Dr. Michael Salkin
Dr. Michael Salkin, Veterinarian
Category: Cat Veterinary
Satisfied Customers: 28572
Experience:  University of California at Davis graduate veterinarian with 45 years of experience.

Customer Question

Our 19 year old cat had a kidney infection a couple of months ago and recovered. In the last month she can't digest dry food and sits at her water bowl for long periods of time. She can't gain the weight she lost when she had the kidney infection. I don't know what to do for her.
Submitted: 1 year ago.
Category: Cat Veterinary
Expert:  Dr. Michael Salkin replied 1 year ago.

I'm sorry to hear of this with Chia. By the principle of Occam's Razor any advanced geriatric cat - particularly with a history of kidney infection - who is now hovering over her water bowel is profoundly dehydrated and in renal failure. She's likely to feel "toxic" at this time - nauseated rather than painful but nonetheless uncomfortable enough not to eat enough and regain her normal weight. Soft stool, inappetence (and vomiting) - additional signs of gastrointestinal distress - are symptoms of chronic renal failure but many other metabolic disorders at her age. In fact, there's more likely to be more than one thing going on with Chia than not.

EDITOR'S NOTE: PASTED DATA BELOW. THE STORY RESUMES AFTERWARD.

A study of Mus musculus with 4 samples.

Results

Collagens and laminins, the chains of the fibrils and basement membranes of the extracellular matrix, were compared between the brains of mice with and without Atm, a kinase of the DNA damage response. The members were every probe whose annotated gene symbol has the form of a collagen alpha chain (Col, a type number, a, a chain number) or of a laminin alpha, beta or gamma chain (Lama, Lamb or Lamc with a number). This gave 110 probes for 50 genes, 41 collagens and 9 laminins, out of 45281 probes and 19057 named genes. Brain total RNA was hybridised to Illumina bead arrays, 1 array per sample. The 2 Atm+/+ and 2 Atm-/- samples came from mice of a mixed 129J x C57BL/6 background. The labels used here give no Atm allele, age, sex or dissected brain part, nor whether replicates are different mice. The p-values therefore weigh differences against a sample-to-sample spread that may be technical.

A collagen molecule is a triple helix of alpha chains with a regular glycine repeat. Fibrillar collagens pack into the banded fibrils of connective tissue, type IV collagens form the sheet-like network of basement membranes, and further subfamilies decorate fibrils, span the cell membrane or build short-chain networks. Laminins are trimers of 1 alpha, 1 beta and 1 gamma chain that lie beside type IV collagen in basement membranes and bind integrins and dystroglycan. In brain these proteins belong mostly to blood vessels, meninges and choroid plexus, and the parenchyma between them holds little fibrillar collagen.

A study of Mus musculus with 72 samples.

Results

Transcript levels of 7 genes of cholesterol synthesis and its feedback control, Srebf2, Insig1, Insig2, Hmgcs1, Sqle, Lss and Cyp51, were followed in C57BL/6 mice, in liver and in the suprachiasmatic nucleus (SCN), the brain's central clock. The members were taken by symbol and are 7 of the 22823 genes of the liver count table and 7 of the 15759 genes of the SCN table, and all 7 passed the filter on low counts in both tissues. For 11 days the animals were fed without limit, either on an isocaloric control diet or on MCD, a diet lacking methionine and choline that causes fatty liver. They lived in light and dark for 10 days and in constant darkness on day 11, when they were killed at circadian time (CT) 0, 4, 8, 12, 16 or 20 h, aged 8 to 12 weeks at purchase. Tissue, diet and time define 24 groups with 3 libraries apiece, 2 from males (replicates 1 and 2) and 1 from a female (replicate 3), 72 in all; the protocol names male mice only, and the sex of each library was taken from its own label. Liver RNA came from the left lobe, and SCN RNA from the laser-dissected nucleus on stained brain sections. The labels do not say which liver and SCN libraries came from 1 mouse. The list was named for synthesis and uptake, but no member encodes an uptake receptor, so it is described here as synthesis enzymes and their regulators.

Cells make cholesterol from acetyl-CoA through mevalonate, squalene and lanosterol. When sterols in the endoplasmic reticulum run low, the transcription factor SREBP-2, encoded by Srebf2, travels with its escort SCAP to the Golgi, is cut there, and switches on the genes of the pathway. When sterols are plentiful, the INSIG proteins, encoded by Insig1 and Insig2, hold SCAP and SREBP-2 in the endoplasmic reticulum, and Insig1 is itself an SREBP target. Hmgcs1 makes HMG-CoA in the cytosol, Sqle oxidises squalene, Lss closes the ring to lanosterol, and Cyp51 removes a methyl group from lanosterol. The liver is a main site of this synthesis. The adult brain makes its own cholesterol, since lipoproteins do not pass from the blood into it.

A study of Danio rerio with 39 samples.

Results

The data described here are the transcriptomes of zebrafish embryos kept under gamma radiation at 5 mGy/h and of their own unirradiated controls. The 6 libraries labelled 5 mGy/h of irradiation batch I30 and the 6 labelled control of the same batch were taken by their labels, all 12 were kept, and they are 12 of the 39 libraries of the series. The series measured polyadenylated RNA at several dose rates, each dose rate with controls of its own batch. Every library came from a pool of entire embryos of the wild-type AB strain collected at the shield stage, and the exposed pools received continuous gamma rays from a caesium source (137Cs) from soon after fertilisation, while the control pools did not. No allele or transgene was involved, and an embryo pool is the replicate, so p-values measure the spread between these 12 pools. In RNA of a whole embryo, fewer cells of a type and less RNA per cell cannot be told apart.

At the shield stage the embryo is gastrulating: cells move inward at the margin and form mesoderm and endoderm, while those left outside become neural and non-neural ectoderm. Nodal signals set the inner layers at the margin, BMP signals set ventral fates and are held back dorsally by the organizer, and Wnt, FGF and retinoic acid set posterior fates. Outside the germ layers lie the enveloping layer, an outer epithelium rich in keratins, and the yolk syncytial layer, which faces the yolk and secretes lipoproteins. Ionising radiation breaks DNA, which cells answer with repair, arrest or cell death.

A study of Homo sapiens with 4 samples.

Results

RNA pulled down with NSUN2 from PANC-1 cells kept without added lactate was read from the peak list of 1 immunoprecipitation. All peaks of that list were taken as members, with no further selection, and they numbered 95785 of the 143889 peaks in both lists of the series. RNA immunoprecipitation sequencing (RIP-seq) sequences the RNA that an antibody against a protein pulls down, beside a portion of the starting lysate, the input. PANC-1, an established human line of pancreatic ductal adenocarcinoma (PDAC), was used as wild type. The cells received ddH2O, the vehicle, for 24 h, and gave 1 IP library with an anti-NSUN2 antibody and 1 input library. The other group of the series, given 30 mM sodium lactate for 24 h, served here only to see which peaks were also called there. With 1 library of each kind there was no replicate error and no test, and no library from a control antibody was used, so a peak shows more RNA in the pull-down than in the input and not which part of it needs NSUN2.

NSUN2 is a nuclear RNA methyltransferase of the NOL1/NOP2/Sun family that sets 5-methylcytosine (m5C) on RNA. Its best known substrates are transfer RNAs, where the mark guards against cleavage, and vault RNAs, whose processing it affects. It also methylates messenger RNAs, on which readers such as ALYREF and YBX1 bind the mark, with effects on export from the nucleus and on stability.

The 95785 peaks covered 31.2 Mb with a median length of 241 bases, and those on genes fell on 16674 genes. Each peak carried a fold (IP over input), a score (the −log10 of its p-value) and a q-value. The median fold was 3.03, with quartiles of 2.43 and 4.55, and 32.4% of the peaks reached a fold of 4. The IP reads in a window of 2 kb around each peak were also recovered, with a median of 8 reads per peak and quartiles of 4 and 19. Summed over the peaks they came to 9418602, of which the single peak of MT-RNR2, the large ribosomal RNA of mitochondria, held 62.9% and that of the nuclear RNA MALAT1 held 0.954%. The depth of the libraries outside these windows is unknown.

I understand that you have a difficult decision to make at this time. You can have her blood work performed again and compare the results to those when she was diagnosed with a kidney infection. You can hospice her, instead, by administering subcutaneous fluids at home in an attempt to rehydrate her and reestablish normal homeostasis. You can decide to have the final kindness performed should her weakness and listnessness exacerbate. Please respond with further questions or concerns if you wish.